Indiana Neighborhood Explosion: Two Questioned in Connection to Blast

PHOTO: Firefighters work the scene where an explosion has killed two people and damaged more than a dozen homes in the Richmond Hill subdivision, Nov. 10, 2012, in Indianapolis.

"Our investigators are talking to individuals we have identified as potentially having relevant information," Prosecutor Terry Curry said.

Earlier this week ABC News learned that authorities are now saying they believe the blast in the subdivision just south of Indianapolis Nov. 10 that killed John and Jennifer Longworth was caused intentionally.

Police won't say who they are questioning, but cell phone video captured by Brad Horton and his girlfriend Whitney Essex shows a SWAT team descending on a mobile home park in southwest Indianapolis.

"These people came in tanks with people on top of them," Essex told ABC News.

The couple says their neighbor Bob Leonard was led away for questioning. Leonard is the brother of Mark Leonard, who is dating Montserrate Shirley, who along with Mark Leonard, lives in the home that exploded.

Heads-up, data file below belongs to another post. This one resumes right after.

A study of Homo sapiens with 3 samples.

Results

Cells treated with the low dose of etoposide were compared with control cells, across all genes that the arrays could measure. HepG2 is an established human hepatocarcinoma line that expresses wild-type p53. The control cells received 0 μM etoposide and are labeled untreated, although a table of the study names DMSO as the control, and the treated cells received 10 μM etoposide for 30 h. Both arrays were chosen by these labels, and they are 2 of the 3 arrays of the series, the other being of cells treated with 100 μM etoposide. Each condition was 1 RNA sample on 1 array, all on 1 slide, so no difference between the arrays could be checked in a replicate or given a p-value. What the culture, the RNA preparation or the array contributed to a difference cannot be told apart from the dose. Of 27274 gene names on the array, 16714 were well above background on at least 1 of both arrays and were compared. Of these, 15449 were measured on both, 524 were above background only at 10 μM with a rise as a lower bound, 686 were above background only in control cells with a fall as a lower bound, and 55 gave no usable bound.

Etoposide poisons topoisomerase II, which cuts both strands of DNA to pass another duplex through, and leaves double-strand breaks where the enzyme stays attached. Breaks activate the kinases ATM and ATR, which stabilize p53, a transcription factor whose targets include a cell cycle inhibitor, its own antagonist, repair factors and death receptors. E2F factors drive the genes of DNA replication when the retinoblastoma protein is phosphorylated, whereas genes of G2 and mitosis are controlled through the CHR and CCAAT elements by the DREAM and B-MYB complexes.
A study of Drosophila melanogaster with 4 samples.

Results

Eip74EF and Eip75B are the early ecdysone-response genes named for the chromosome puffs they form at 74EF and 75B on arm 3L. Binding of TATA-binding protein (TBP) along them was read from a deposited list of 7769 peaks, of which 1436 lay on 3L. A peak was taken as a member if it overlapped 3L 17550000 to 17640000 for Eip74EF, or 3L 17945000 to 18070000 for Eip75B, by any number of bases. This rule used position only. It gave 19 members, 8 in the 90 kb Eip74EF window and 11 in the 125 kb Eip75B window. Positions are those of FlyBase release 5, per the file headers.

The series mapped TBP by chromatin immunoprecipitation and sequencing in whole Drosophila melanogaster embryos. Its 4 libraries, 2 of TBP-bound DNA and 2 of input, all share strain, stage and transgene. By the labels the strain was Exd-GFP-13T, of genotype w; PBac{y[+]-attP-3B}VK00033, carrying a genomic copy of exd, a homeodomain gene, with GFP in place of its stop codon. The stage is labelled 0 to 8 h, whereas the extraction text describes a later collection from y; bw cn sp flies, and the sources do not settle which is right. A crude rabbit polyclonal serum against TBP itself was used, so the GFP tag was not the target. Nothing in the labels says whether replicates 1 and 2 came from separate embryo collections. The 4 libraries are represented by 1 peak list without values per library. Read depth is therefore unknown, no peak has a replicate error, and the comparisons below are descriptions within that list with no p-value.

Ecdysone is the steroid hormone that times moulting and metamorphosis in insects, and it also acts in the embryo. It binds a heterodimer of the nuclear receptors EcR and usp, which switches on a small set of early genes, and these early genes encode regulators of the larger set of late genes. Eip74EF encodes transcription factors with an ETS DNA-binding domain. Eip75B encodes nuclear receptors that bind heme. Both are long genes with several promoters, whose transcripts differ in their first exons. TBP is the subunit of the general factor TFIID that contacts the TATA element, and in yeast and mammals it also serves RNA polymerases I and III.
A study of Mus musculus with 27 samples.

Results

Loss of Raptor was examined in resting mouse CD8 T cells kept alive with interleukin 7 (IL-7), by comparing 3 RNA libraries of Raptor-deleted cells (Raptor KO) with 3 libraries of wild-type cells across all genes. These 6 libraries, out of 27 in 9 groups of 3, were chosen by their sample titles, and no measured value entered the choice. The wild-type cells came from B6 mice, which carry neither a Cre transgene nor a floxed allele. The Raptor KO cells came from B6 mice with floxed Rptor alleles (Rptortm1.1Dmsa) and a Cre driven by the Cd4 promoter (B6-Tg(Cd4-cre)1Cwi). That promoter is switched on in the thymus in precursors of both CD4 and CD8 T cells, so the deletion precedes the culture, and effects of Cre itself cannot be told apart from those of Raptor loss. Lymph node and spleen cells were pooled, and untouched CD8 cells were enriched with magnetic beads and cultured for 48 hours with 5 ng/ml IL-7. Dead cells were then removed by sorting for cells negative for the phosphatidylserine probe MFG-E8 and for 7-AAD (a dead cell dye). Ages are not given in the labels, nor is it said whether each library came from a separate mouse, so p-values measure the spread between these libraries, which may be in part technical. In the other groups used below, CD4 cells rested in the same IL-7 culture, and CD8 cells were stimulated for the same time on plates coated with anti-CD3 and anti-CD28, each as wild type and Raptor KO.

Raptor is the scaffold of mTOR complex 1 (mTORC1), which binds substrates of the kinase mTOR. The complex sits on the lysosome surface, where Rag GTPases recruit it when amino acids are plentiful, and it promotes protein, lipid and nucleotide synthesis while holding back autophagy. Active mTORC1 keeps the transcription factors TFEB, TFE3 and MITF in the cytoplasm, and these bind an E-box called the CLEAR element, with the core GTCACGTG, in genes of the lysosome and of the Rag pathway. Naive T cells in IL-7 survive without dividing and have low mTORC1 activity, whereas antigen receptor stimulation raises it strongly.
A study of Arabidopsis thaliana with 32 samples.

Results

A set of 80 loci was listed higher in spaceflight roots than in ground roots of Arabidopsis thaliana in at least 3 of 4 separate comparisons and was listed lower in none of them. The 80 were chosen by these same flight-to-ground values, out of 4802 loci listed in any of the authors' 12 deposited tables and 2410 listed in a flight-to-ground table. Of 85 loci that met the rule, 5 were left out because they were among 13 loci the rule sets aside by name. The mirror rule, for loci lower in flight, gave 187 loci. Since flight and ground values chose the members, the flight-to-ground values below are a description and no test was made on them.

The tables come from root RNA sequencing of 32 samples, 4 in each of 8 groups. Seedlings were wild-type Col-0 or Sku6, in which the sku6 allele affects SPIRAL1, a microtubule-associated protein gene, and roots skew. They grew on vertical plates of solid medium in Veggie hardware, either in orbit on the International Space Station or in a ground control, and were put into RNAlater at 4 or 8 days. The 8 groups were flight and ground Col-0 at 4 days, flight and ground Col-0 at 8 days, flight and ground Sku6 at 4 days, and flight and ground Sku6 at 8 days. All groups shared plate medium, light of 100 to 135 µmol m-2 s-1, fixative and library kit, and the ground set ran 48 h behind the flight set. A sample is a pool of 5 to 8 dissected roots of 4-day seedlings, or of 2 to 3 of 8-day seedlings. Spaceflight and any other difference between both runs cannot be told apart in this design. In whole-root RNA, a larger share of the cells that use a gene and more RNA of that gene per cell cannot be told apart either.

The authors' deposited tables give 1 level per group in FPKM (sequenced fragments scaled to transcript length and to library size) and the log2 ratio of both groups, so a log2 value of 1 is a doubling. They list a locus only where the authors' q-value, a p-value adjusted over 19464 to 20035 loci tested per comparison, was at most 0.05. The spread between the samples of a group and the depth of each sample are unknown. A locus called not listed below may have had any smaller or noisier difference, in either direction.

"It was pretty serious. They don't pull those [tanks] out for just anything," Horton said.

Much of the attention since the explosion has centered on Shirley and Leonard, who lived at the house in the center of the blast area. The two ignored questions from reporters on Tuesday.

The couple says they were at a casino, and the home was empty when the explosion rocked the quiet neighborhood, killing the Longworths and damaging nearly 100 homes.

An attorney for Shirley and Leonard said they are cooperating with police.

Overnight, prosecutors refused to confirm if they believe Bob Leonard is involved, or if they believe the blast was triggered by remote.

"As we develop additional information, and identify individuals who potentially have pertinent information, we'll just pursue all those leads and that's exactly what we're doing," Curry said.

John Shirley, who owns that house but now lives elsewhere, told ABC News two days after the blast that he believed that his ex-wife, who still lives in the house, was to blame for the explosion.

Shirley claimed he knew that the furnace in the house was broken and had not been fixed properly, if at all.

"If I were to suspect anything, that's where the problem was," said Shirley, who noted that his ex-wife Monserrate Shirley had a "protective order" against him.

Shirley said he did not believe his ex-wife would have caused the explosion intentionally.

"I don't think so, because there was no real reason to," Shirley said. "I pay a thousand dollars a month for one kid because she had a lawyer and I did not, so she has more than enough money. At one point the house was slipping into foreclosure. Last spring she had a buyer but she chose not to sell. We were in some bankruptcy but that's pretty well cleared up."